Hong Kong and Ecuador join ranks of countries imposing new restrictions, cases rise in Australia and Canada, but stock markets bounce back
More countries have imposed travel restrictions on visitors from other parts of the world in order to try to contain the spread of the Omicron variant of Covid-19, as China pledged to send 600m vaccine doses to Africa.
As cases of Omicron continued to grow around the world from Japan to Reunion Island, Hong Kong widened its ban on non-residents entering the city on Tuesday to include visitors who have been to Australia, Canada, Israel or six European countries in the past 21 days. Non-resident arrivals from four southern African nations have already been barred.
Ecuador joined the move to tighten border by imposing entry restrictions on travellers flying from or via a number of African countries. It would also request vaccine certificates from those arriving from other countries due to the new Omicron strain of coronavirus, president Guillermo Lasso said late on Monday.
With the announcement Ecuador joins other countries across the globe in restricting travel in response to the Omicron strain, which carries a very high risk of increased infection, according to the World Health Organization (WHO).
The head of WHO, Dr Tedros Adhanom Ghebreyesus, said the emergence of the new strain in South Africa last week showed how “hard-won gains could vanish in an instant”. He told a special session of the World Health Assembly in Geneva that “Covid-19 is not done with us”.
Media in Japan reported that the first case of Omicron was recorded on Tuesday, while a person has tested positive for Omicron on the French Indian Ocean island of Réunion, it was reported on Tuesday, citing an official researcher on the island. The 35-year-old person had recently travelled to Mozambique.
Amid concern about the gulf between vaccine rates in developed countries and less wealthy ones, China has pledged to donate 600m doses of its Covid-19 vaccines to Africa.
China’s president, Xi Jinping, made the promise in a video speech to the opening ceremony of a China-Africa forum on economic cooperation in Senegal on Monday. He said China would supply 1bn doses in all. The other 400m are to come through other routes such as production by Chinese companies in Africa.
“We need to put people and their lives first, be guided by science, support waiving intellectual property rights on Covid-19 vaccines, and truly ensure the accessibility and affordability of vaccines in Africa to bridge the immunisation gap,” Xi said.
Stock markets in Asia made a good recovery on Tuesday after steep falls in values in recent days brought on by concerns about Omicron. The Nikkei in Tokyo led the way by lifting 0.5% while the ASX200 was up more than 1% in Sydney.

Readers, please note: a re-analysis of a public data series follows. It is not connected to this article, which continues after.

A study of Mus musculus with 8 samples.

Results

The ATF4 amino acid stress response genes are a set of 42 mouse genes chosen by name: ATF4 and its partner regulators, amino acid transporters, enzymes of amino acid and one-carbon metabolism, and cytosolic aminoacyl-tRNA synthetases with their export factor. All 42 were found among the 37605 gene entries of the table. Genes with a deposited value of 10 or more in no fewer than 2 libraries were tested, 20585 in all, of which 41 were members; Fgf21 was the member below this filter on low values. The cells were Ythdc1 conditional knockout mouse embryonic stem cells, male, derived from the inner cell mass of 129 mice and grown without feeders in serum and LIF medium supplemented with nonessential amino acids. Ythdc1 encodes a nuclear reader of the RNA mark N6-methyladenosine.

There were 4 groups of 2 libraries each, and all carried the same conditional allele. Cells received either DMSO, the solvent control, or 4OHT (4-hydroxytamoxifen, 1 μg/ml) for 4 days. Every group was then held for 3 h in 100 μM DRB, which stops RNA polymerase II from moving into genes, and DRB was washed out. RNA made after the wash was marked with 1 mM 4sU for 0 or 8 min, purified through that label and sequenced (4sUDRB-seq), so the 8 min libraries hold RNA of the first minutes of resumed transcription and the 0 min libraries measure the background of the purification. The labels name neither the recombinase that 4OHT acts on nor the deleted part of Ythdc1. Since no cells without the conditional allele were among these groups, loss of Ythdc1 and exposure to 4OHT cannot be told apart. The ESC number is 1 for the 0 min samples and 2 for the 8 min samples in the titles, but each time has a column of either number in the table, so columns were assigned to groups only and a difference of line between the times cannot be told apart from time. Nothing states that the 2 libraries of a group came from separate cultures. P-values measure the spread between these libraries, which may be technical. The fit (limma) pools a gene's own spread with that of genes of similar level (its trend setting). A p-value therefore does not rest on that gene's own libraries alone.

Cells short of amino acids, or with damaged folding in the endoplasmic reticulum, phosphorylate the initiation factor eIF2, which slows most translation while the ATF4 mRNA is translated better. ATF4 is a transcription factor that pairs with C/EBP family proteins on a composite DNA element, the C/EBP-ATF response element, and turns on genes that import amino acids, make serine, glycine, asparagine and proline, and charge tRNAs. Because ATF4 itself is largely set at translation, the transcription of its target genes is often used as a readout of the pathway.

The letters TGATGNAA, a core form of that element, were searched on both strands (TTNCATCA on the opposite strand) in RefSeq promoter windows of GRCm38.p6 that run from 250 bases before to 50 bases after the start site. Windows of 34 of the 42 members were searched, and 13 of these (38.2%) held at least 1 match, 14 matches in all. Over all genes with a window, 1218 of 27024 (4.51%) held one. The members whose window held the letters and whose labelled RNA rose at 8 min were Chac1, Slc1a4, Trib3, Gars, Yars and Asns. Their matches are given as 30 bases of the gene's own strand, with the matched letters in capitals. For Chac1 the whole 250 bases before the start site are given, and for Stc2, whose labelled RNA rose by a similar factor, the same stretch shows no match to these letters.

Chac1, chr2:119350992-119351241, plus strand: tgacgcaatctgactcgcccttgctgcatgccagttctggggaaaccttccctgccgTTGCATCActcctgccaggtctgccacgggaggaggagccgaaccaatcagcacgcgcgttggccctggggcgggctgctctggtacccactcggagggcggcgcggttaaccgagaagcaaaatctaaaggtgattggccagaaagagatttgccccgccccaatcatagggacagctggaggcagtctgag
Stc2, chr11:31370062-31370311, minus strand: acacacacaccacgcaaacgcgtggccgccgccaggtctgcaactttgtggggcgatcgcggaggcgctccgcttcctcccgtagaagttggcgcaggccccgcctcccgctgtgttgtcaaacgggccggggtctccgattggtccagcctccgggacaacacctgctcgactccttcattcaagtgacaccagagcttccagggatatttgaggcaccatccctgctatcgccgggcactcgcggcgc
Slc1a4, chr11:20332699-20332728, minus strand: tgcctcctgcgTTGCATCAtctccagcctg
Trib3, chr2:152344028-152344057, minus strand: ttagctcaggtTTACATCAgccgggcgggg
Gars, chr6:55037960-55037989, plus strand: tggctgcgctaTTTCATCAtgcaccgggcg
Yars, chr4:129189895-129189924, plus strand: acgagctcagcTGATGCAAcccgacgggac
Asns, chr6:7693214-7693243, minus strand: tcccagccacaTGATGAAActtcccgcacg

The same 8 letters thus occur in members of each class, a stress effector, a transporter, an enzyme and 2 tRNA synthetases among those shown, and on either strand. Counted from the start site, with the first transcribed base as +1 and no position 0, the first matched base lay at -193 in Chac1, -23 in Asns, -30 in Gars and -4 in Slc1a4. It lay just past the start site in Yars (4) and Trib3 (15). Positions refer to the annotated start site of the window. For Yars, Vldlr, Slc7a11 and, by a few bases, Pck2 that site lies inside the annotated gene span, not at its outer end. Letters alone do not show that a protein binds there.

“We’ll get a new variant, we’ll get new waves, but the market – and we all as investors – will see how that might play out,” Jason Brady, president at Thornburg Investment Management in Hong Kong, told Bloomberg.
In the United States, president Joe Biden said Omicron was a “cause for concern, not a cause for panic”, as the US implemented restrictions on travel from South Africa and several other countries.
Biden urged all Americans to get vaccinated, including booster shots, saying it was the best protection against the new variant. The US Centers for Disease Control and Prevention weighed in by saying on Monday that everyone aged 18 years and older should get a booster shot.
Canada saw another two cases on Monday, taking its total to five, and the prime minister, Justin Trudeau, also appealed to the public to make sure they were vaccinated.
“Let’s be clear: getting vaccinated is the best thing you can do right now,” Trudeau said in a tweet on Monday night local time.
“So, if you don’t have your shots yet, get them. And now that we have enough vaccine doses for every kid between the ages of 5 and 11 to get their first shot, make sure you get your kids vaccinated, too.”
The UK government is planning to reboot its vaccination programme back to levels seen earlier in the pandemic when around 500,000 jabs a day were being administered. In addition, ministers cut the waiting time for boosters to three months in a bid to outpace the Omicron variant that scientists believe is already spreading in the community.
There were 11 confirmed cases of Omicron in England and Scotland on Monday, with hundreds more expected in the coming days. From Tuesday, masks will be mandatory on public transport including airports and stations, and in shops.
Two arrivals into Australia have tested positive to Omicron, becoming the first cases in the country. The pair are in quarantine in Sydney after arriving from Johannesburg via Qatar on Saturday.
Authorities in Singapore said on Tuesday that two travellers who tested positive for Omicron in Sydney transited through Changi airport. And a fifth person is self-isolating with the Omicron strain after returning to Australia from southern Africa before the variant emerged last week.